Area Forecast Discussion
Issued by NWS Glasgow, MT


Area Forecast Discussion
National Weather Service Glasgow MT
908 PM MST Sat Jan 20 2018


Evening Update (9pm MST): Main focus for the update is on the
potential for freezing fog through the overnight, as that is the
main source of any potentially impactful weather expected until
tomorrow night. Models continue to back off on the extent of the
potential fog, though they keep some patchy to areas of freezing
fog mainly confined to the Missouri River Valley, and generally
between Wolf Point and Saco. Fog formation does seem to be more
likely tonight than last night due to generally weaker winds, clear
skies over a broader area than last night, and the reformation of
the low level inversion. However, some mechanical mixing to the
surface, a very dry atmosphere above the surface, and reduced
surface albedo of the dwindling snowpack across much of the region
may work to inhibit fog development. Otherwise, with such a benign
weather pattern underneath the building ridge, no further updates
were really necessary to the forecast at this time. Bigelbach

The upper trough works its way east through the Southwest tonight,
followed by a narrow ridge Sunday for another dry day. The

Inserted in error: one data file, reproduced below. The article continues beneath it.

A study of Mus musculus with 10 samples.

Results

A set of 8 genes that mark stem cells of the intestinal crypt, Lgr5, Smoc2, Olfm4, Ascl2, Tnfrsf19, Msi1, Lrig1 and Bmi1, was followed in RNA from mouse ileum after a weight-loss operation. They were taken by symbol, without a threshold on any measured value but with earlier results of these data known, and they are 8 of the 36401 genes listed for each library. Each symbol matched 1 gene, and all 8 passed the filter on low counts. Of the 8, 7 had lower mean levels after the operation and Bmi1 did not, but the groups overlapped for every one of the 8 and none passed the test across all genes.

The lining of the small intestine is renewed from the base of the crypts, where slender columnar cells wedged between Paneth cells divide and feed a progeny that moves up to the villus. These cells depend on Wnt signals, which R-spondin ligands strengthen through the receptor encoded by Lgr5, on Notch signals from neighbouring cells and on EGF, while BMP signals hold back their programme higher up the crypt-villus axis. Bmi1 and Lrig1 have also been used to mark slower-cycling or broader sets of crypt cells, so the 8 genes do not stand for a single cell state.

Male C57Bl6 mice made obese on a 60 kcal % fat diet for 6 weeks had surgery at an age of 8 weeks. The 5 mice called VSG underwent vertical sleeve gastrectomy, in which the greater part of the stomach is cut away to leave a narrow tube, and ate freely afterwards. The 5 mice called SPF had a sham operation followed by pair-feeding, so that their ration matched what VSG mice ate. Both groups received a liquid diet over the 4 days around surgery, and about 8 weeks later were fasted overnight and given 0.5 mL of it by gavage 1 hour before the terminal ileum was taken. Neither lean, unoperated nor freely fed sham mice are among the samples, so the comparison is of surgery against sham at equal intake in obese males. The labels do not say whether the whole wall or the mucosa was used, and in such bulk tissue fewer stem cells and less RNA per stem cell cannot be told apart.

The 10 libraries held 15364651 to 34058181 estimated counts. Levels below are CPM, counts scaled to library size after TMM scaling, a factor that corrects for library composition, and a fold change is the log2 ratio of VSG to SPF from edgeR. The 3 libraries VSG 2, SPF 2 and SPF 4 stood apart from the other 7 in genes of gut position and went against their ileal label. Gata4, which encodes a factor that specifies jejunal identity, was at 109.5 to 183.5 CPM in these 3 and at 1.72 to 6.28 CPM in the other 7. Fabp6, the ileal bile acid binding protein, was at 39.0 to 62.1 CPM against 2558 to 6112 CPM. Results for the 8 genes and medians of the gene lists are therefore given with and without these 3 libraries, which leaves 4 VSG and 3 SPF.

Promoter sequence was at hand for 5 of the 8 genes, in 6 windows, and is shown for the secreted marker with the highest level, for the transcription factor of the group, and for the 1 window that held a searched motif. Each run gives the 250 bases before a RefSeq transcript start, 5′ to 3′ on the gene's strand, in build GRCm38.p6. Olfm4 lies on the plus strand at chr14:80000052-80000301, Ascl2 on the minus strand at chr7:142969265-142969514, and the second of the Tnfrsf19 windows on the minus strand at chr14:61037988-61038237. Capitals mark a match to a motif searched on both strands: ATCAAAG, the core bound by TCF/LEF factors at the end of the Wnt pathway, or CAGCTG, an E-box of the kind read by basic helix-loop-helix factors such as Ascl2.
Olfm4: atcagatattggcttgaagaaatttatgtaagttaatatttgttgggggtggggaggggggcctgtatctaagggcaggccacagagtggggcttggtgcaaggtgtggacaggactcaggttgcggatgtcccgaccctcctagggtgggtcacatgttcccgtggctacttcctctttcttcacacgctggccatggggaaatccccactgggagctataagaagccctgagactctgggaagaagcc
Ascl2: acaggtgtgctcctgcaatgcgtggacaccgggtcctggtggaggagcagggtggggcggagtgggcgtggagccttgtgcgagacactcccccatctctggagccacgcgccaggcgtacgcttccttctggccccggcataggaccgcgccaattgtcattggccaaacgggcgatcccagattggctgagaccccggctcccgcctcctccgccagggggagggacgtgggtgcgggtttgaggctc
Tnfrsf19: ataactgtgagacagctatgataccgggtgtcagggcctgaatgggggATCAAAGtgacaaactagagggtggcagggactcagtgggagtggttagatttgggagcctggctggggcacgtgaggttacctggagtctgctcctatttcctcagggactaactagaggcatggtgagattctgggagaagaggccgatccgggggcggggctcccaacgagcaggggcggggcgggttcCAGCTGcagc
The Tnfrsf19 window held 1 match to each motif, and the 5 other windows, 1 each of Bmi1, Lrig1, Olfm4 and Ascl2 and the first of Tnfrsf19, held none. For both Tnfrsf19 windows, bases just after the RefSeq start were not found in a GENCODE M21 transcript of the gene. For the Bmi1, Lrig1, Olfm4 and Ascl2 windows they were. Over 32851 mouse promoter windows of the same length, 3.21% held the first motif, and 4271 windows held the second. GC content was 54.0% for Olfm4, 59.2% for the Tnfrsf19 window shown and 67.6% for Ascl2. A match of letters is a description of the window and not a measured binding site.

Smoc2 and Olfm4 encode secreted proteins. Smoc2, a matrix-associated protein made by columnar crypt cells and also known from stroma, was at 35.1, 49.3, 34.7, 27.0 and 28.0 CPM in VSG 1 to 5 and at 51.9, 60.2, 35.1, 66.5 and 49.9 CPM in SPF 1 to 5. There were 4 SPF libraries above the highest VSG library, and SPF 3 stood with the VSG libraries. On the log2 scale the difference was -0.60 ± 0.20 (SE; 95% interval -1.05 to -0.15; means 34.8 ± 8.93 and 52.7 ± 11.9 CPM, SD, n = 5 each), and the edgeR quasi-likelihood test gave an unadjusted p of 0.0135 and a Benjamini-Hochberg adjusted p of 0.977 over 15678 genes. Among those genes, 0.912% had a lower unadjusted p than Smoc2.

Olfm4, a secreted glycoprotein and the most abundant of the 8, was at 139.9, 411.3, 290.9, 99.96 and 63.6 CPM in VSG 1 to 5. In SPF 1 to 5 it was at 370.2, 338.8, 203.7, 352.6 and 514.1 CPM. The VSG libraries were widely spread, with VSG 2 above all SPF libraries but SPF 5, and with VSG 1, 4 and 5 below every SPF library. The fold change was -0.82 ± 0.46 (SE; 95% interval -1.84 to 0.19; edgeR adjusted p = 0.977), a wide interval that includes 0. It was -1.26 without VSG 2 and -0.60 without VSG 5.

generally clear skies tonight will allow for cooling. With the
snow pack and the expected inversion developing tonight, and the
melting of snow today by the sunshine, could produce a fog layer.
Let the near term models produce the expected freezing fog, and
added to wx grids.

A narrow ridge will move through Sunday night, immediately
followed by a quick moving trough Monday afternoon, which should
bring little to no precipitation.

A broad ridge of high pressure will then dominate our weather
pattern through the middle of the week, allowing temperatures to
remain near normal through Thursday.

A strong low pressure system will move onto the northwest Pacific
coast Thursday, and while it is expected to weaken as it slams
into the Rockies, it currently looks that it will remain strong
enough to bring some snow to the area toward the end of the week.
There is the normal model guidance uncertainty regarding timing
and geographic area of any precipitation from this, but Thursday
night and Friday looks to be the most likely time frame for snow
across northeast Montana.

Overall, there are no temperature extremes expected with highs and
low generally close to seasonal norms.




Expected Flight Category: VFR

Synopsis: High pressure continues to build across the region,
which will keep flying conditions generally pleasant over the next
couple of days. Some patchy freezing fog is still possible
tonight, however, confidence currently is medium to low. Should
fog form, it is expected to mainly be confined to the Missouri
River Valley, and thus mainly affecting GGW and OLF. Otherwise,
generally clear to light cloud cover is expected for the period
with ceilings remaining at VFR levels.

Winds: Expect west to southwest at 5-10 kts.